Here’s something that I thought readers here would find interesting — it was surprising to me, and illustrated how little we know about our planet, particularly what lies underground and undersea. The article comes from Business Insider, via Agence France Presse and reports that researchers from Flinders University in Australia have discovered that huge aquifers beneath the continental shelf off many continents are a common phenomenon, and not rare occurrences as many have previously thought.
Lead researcher Vincent Post said of the discovery:
“The volume of this water resource is a hundred times greater than the amount we’ve extracted from the Earth’s sub-surface in the past century since 1900 . . . Freshwater on our planet is increasingly under stress and strain so the discovery of significant new stores off the coast is very exciting.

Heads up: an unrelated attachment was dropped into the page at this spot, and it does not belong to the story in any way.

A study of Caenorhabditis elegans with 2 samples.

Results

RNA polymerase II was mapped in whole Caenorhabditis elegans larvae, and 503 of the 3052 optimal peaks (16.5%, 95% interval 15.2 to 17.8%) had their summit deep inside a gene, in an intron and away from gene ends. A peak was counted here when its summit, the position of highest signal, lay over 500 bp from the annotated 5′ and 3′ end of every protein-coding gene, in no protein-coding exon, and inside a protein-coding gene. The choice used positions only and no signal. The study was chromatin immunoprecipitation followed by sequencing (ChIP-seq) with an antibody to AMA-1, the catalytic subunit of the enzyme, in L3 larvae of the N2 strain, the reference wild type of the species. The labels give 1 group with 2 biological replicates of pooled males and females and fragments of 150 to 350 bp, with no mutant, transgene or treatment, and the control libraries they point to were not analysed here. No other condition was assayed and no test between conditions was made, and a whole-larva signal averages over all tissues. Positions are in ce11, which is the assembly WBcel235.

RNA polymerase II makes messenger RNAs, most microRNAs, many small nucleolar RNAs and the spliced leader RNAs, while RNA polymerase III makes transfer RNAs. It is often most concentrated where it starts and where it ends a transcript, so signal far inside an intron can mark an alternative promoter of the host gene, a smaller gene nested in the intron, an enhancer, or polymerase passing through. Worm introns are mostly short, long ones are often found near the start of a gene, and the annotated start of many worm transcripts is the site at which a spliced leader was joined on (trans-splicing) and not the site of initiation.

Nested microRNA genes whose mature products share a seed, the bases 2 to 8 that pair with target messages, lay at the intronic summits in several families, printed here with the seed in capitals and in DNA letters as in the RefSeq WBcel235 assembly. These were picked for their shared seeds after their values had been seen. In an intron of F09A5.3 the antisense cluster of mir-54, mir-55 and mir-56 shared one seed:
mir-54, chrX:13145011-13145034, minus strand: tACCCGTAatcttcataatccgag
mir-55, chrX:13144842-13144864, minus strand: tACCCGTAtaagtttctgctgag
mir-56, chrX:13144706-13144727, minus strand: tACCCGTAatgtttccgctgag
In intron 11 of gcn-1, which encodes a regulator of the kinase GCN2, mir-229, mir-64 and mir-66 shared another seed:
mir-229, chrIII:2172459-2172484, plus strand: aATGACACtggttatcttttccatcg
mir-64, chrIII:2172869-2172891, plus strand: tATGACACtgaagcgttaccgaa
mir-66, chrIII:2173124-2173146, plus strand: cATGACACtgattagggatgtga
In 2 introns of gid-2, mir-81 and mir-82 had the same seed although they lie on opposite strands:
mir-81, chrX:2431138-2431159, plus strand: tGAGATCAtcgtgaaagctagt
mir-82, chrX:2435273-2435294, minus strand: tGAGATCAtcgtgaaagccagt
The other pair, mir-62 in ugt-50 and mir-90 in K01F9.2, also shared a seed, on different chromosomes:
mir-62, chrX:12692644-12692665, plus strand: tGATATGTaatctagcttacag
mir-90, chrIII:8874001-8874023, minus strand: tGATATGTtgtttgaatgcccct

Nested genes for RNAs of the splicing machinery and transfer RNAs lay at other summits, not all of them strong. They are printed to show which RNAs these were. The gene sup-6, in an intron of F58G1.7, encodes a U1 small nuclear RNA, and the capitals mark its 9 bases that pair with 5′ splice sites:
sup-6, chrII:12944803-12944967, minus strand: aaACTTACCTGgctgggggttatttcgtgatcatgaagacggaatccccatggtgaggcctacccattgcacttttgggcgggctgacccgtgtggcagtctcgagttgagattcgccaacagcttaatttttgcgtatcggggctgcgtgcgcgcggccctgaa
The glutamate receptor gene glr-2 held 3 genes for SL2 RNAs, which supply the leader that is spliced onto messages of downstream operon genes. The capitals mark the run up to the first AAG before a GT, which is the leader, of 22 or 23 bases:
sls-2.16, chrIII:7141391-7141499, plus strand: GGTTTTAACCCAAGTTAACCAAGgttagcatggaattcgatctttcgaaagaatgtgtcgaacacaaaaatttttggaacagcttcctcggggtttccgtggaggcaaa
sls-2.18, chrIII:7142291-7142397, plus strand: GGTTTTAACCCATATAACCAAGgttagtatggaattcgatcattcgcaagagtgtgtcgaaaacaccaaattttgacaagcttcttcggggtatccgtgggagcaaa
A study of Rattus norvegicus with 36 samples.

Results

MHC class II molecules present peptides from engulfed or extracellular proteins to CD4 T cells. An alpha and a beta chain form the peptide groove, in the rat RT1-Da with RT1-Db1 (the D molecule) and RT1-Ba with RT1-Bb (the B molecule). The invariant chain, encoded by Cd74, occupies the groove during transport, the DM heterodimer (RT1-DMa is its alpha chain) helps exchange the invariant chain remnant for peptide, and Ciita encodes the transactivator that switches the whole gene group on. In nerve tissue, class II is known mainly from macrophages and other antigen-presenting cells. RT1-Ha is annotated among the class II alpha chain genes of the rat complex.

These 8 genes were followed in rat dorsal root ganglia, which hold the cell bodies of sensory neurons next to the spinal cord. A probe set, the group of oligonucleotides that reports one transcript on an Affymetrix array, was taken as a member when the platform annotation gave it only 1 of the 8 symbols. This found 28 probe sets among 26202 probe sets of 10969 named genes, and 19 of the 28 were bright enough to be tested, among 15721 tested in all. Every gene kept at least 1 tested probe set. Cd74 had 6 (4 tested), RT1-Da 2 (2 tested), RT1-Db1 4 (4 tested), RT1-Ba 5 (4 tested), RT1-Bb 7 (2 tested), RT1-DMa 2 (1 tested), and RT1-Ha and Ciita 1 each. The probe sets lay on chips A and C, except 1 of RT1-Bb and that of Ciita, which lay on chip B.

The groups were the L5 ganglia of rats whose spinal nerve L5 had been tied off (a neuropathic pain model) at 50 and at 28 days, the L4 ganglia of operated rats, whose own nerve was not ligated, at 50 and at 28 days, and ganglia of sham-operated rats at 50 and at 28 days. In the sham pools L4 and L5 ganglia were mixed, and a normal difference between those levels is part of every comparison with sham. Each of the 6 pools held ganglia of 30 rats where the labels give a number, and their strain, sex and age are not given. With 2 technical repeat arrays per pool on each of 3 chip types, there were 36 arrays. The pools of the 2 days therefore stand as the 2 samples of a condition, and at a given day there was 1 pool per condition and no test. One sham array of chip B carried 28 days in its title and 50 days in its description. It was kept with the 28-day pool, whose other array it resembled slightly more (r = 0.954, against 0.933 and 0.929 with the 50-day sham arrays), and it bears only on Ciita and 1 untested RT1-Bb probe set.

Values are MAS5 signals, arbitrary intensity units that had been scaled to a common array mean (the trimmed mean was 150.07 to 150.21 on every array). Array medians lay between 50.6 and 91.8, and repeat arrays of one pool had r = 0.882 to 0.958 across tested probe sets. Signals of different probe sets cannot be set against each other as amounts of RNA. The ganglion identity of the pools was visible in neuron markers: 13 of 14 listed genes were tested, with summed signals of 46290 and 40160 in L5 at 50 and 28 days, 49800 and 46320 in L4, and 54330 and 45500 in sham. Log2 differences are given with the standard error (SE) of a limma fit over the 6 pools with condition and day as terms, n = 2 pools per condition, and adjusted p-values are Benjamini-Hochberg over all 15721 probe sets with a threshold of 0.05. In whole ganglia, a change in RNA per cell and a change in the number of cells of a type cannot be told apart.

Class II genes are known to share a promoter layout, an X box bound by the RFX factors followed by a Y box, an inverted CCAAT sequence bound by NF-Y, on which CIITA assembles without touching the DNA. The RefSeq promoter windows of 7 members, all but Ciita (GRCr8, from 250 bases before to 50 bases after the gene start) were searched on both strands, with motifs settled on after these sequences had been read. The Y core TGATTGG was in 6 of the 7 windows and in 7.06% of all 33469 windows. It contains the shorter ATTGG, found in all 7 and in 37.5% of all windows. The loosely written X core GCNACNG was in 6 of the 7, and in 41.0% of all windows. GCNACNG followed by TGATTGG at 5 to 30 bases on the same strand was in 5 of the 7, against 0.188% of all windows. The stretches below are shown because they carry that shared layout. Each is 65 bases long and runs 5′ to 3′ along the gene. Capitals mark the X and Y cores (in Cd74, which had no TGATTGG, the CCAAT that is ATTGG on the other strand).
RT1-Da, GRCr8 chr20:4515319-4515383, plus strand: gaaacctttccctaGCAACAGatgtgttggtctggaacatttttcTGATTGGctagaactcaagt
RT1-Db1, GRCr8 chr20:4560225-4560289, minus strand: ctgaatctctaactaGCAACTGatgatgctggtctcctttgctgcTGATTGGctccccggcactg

“It means that more options can be considered to help reduce the impact of droughts and continental water shortages.”
Details of the research behind this discovery can be found in an article published in the most recent issue of the journal Nature (for a fee). Of course accessing this water deep in the earth’s crust will not be a simple matter. It will require either onshore or offshore drilling and pumping facilities, as well as pipelines or other transportation systems.
We’ve talked many times here about the potential for LENR technology to make desalination of seawater on a large scale possible and it may well be simpler and less expensive to desalinate than to drill and pump. However, now there may be another resource available to provide water for agriculture, domestic uses and other purposes.